The first blog in a three-part series.
What threatens to sabotage your life at this very moment? Whatever you may be going through, having the support of others can be what you need most when difficulties come your way. Unfortunately, often without even realizing it, those closest to you can end up being the least supportive when life is sabotaged.
For most people, discovering that they have a life-changing condition is devastating. Even before the initial shock has a chance to wear off, they can face what seems like volumes of information, laced with unfamiliar terms and mind-boggling explanations that may as well be delivered in a completely foreign tongue. It is difficult to comprehend even the base facts presented, let alone the list of options. Decision making is usually required while still in a fog of confusion mixed with disbelief, and the overwhelming feelings of the moment are further compounded when there is no help or support from family members or close friends.
During the process of dealing with life-threatening illnesses and life-changing situations, there are those who choose to accept whatever the medical community tells them, and then... there are those who are often looked at as "the rebels." "The rebels" decide, at some point (either from the start or after enduring regimens that provide too much discomfort with little to no change), that they will not be content with being a bystander in the event that involves their very life. Instead, they make the decision to actively participate in improving the condition of their health, usually doing whatever it takes and usually at any cost, with or without the approval of the status quo.
Let's face it: There is nothing status quo about learning that you may not survive long, regardless of all that today's advanced medicine can provide.
Such was the case for me and continues to be the case for many with whom I speak each and every month. When I discovered that I had cancer the first time in 1990, it threw me a curve ball, for sure. When I faced it again, eight years later, I was like a sailboat that had just drifted out to sea with absolutely no wind in my long-term forecast. All I wanted to do was live!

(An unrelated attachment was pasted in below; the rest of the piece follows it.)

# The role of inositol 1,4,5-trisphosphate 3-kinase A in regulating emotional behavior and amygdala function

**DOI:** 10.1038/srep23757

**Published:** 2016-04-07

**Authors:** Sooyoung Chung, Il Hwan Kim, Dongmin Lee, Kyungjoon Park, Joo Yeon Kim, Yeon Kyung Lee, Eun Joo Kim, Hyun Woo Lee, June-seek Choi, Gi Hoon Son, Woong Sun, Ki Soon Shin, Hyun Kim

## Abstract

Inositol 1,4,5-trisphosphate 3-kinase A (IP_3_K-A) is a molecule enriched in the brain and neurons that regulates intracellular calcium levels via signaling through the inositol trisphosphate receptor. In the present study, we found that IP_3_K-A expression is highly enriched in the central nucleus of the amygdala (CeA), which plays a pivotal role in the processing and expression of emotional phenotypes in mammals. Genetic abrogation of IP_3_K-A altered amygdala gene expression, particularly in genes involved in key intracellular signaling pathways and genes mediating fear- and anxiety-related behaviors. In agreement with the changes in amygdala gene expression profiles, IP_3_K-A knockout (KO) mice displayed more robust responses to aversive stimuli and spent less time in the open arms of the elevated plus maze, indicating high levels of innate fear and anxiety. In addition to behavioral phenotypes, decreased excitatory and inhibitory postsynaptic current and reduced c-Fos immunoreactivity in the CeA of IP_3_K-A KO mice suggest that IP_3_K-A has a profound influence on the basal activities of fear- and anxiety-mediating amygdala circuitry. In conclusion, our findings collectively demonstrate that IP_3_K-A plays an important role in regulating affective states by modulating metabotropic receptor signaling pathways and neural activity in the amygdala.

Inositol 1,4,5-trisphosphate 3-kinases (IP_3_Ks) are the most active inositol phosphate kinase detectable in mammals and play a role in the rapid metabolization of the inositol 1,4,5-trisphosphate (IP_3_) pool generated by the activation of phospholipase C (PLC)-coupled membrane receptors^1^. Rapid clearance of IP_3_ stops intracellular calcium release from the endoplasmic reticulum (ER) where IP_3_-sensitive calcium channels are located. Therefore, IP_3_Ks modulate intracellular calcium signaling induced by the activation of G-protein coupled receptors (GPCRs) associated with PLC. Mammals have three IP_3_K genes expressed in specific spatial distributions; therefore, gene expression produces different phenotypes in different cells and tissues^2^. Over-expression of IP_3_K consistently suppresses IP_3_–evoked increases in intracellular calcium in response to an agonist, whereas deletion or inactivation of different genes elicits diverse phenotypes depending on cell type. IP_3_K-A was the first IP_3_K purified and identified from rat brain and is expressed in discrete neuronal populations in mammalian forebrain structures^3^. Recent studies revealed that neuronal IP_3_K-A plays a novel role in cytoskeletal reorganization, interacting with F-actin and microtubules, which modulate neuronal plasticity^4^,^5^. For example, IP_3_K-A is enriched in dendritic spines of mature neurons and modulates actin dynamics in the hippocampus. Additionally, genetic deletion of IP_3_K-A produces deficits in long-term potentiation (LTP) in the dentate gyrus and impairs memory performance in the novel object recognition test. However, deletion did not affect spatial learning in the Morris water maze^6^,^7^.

All that anyone facing such a life-changing moment wants to do is to live! And when you want it badly enough, you don't stand idly by while others make all of the decisions for you. You become "the rebel," desperate and beyond motivated to change your lifestyle, hoping to also change your odds for survival.
I chose to implement a life-changing diet. Moving from a standard American diet to a plant-based way of eating, or macrobiotic diet, can easily cause well-meaning family and friends to have a "red flag reaction." "What will you do for protein?" is an often-posed question, along with moot points such as, "Your hair could all fall out!" Really? I mean, I thought only chemo did that!
Though they may mean well, the fact is, others can sabotage your efforts to achieve better health and a full recovery. People tell me that the most difficult part of their journey toward improved health is making those choices that family and friends see as "too radical." They report that their loved ones seem to be constantly thwarting their progress, making it nearly impossible to succeed at doing what they personally believe to be a healthier lifestyle choice on their path to becoming whole.
Despite the fact that it is YOU who is attempting to battle a potentially, life-threatening condition, your loved ones are afraid.
That's right! You may well be scared to death, but the reality is that those who know and love you are probably just as scared. The same fear that causes you to become "the rebel" can also cause them to rebel against the radical choices you are making -- at a time when you most need their support.
If you have cancer and are going through chemotherapy (or have recently finished the chemo and are in a weakened state), you definitely need something in your life to be less difficult! It may be up to you to prevent potential sabotage from those with whom you live and associate, by helping them to understand the benefits of what you are doing -- and the importance of their role in supporting you.
Family support is like having a big, soft blanket to fall into -- that necessary constant in the midst of all the chaos and that comfortable landing spot, just when we need it. But, how exactly do we educate family and friends and enable them to provide us this type of support?
In part two of my series, I address this question and explore various ways that you can choose radical lifestyle changes that provide healing benefits while getting the support you need when life is sabotaged. I am living proof that it works as well (or better) than any medicine available.
For more on mindfulness, click here.